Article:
Sunday, January 22, 2012

Paying rent can now raise your credit score

College students, take note! If you are living off-campus paying rent in an apartment, it can be good for your credit score.

Only one credit agency is reporting it, however. Experian started doing it in December 2011. Also, the property manager or management company needs to upload the report. If your apartment is a rather large complex, or one of many managed by the same company, it is probably easier to see that it gets uploaded. Just ask!

If a college student is indeed paying rent, and it gets uploaded to your file, VantageScore will count it and factor it in to your credit score. VantageScore is the one that is used by Experian.

If your name is on the lease or rental agreement, you get the credit. This is actually a way for parents to help their college student get a good credit score. Just make sure the student's name is on the lease. That way, even if you are sending money, or financial aid package covers it, the student still benefits. Nobody knows who is coming up with the cash. has a similar service, but it will cost you. You pay a small fee to set it up, as well as a monthly fee. Your landlord will upload your rental data to them, and they will send it out to credit companies. If your landlord or manager does not want to participate, you are refunded the money.

College students especially can benefit from rental credi.

Monday, January 16, 2012

Credit Card Myths: College Students Beware

Establishing credit and keeping it stellar is the goal of every college graduate. No matter where you are in life, your credit score will affect lots of what you do. From buying a house, to maybe getting a job. Recently they are getting businesses to remove the credit check from new hires. But this may effect a background check if you are trying to get a job where your credit and personal finances matter. There are a lot of myths as far as credit cards and raising your credit score. Beware, especially college students. Don't make mistakes on your credit rating.

You do not need to carry a balance to keep a good credit rating. Agencies look at how much you have used in regard to how much overall credit you have. The higher the ratio, the more it will lower your credit score. Payoff anything you can.

The next myth is an add-on to the above. People seem to think that by just making payments on time, it will raise your score. It's true that NOT paying will lower it, but just making the minimum payment each month does not do much. In fact, it keeps your balance ratio high. (See above.)

When applying for some sort of credit, you might inquire as to what credit score will be used. There are many different rating agencies and scores, and depending on the credit, a different one may be used. Be sure to know what your credit score is on the one that will be used.

If you have old balances that are late, even in arrears, it will not help to pay them off in a lump sump sum. The negative mark is already there and won't be removed until the set amount of time has passed. It is true, however, that you cna make a note on your record that says you paid it off. This may help in a manual review of your credit.

Your income does not have anything to do with your credit rating. This may seem strange, but it is absolutely true. A high income can have just a low of credit score as low income, and the opposite is true as well. Lower income people may have a higher rating. It all depends on YOUR credit record. It is true, that loan and credit officers will look at your income to see if you will be able to pay the credit balance off.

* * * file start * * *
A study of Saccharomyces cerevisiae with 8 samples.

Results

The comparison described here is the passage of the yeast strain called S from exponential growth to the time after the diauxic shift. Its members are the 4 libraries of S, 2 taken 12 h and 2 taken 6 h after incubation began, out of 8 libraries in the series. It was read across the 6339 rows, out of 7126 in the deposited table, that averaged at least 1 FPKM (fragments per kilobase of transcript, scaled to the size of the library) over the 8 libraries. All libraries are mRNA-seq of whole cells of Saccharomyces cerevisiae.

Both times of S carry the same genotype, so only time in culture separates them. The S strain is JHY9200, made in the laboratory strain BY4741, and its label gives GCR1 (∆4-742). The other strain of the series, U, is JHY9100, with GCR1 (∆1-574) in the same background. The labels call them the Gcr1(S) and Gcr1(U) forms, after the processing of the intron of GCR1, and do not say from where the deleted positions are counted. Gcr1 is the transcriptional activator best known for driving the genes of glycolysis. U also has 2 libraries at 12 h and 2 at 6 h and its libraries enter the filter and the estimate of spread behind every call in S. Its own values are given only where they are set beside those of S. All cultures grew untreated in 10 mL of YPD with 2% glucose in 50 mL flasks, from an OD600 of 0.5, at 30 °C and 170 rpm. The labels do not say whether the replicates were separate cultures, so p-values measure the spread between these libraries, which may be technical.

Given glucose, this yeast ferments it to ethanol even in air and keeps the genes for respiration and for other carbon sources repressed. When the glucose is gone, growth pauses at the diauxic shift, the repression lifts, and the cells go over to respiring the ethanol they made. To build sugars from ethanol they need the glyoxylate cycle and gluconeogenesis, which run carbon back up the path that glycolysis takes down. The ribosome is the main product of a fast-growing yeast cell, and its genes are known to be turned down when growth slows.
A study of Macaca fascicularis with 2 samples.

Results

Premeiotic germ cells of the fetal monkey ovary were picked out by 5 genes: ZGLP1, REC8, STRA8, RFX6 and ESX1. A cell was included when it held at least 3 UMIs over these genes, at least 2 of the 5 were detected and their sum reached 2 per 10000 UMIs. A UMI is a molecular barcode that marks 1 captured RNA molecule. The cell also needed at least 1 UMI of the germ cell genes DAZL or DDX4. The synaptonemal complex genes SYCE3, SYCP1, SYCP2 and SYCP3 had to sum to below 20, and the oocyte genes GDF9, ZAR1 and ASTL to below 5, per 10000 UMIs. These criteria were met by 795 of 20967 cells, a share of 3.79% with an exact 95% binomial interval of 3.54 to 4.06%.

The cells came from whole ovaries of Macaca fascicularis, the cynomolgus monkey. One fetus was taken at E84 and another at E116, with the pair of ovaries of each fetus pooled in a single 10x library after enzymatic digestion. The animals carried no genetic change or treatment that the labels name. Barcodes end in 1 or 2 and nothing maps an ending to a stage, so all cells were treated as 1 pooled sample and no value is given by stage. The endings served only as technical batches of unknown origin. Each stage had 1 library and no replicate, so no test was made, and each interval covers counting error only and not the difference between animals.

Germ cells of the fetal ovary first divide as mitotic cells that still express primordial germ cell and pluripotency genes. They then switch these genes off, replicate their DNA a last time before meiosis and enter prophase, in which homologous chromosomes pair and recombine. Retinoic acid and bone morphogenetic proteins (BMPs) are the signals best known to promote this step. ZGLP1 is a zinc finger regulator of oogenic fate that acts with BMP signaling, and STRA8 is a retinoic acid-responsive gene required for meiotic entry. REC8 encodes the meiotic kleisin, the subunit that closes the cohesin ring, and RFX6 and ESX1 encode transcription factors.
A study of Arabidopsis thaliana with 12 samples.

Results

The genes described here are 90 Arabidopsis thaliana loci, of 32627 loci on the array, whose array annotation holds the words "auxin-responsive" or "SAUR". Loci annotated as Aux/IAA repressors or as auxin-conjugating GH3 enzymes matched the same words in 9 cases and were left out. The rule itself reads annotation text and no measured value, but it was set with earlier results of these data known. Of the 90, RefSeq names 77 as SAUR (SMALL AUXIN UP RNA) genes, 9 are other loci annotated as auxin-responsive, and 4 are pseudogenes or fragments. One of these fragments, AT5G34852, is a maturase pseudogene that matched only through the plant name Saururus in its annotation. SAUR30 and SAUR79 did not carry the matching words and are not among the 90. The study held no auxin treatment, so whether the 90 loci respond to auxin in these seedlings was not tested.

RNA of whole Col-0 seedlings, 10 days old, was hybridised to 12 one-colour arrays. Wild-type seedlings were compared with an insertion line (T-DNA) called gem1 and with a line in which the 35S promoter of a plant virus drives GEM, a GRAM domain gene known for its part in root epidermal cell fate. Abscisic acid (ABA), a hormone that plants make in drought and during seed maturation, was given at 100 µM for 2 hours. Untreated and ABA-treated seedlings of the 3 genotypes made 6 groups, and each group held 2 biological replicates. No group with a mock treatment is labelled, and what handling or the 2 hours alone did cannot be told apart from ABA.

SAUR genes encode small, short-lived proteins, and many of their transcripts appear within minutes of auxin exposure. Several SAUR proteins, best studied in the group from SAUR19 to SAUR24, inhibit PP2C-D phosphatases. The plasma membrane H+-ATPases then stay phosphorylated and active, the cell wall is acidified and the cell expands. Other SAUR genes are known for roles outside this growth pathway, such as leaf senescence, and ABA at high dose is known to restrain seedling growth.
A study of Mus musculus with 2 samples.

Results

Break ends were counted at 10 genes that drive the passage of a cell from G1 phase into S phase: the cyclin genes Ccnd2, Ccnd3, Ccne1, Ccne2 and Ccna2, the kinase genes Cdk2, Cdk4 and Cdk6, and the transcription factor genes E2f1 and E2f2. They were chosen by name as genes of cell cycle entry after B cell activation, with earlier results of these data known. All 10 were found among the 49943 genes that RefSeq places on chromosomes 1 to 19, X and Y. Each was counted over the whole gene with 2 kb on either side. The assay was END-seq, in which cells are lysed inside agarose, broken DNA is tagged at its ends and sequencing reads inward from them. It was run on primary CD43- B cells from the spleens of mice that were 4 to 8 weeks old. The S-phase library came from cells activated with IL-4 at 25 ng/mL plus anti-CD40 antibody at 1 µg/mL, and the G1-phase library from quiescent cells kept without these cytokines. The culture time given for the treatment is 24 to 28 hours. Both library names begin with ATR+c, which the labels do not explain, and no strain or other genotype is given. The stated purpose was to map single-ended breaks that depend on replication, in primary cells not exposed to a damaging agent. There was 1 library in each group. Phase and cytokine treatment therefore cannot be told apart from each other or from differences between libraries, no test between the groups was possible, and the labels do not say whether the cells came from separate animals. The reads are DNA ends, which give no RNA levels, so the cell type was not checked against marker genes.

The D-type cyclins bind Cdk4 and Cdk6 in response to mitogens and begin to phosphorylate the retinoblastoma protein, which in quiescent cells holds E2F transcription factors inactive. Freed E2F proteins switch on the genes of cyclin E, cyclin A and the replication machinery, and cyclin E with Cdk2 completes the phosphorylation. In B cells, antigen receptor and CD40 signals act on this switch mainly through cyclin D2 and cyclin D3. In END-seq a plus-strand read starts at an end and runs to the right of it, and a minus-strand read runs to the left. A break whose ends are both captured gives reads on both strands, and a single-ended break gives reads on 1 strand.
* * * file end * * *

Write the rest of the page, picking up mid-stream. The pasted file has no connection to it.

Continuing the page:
Don't think that a department store credit card will do anything major either. In fact, it may have the opposite effect. Department stores and companies generally give a lower credit limit. People have a tendency to max this out. This will actually lower your score, as the balance is high to the total. Department stores are an easier way of getting credit and establishing it, but to make it work you need to have a low balance in relation to the limit.

>>More tips for college students and credit cards.


What to do if you are short on financial aid

So you've applied to college, been accepted, and gotten a look at your financial aid package. You do the math and realize you are short of paying for everything. What are you going to do?

Well, you can ask the financial aid office for another look, maybe a better offer. Click here for tips on getting more financial aid.

After that, there are a few things the college student can do to make the bottom line look better.

First thing is to be first in line. Apply early. Colleges have a more limited supply of funds to give out and may run out if you delay.

Think about changing schools, if it's not too late. Many colleges are offering out of state students money as an incentive to come to their college. Some large private colleges actually have more money to give out. So even though the cost is higher, it will be cheaper for you in the long run.

Don't overlook the scholarship search. It may take some of your time, but working on finding scholarships in this economy is worth it. And there are many scholarships that go overlooked. You can do a free college scholarship search here, or learn ways of finding scholarships here.

Colleges have what they call merit scholarships to current students who have high GPAs. So, pump up your studying and get good grades.

And the easiest way to make up a shortage of college money. Spend less. This means everything from transportation, to books, and dorms to food. Read 30 ways to cut college costs.

The bottom line, is that your bottom line may look deep, but with a little extra work, you can make up for a college cash crunch.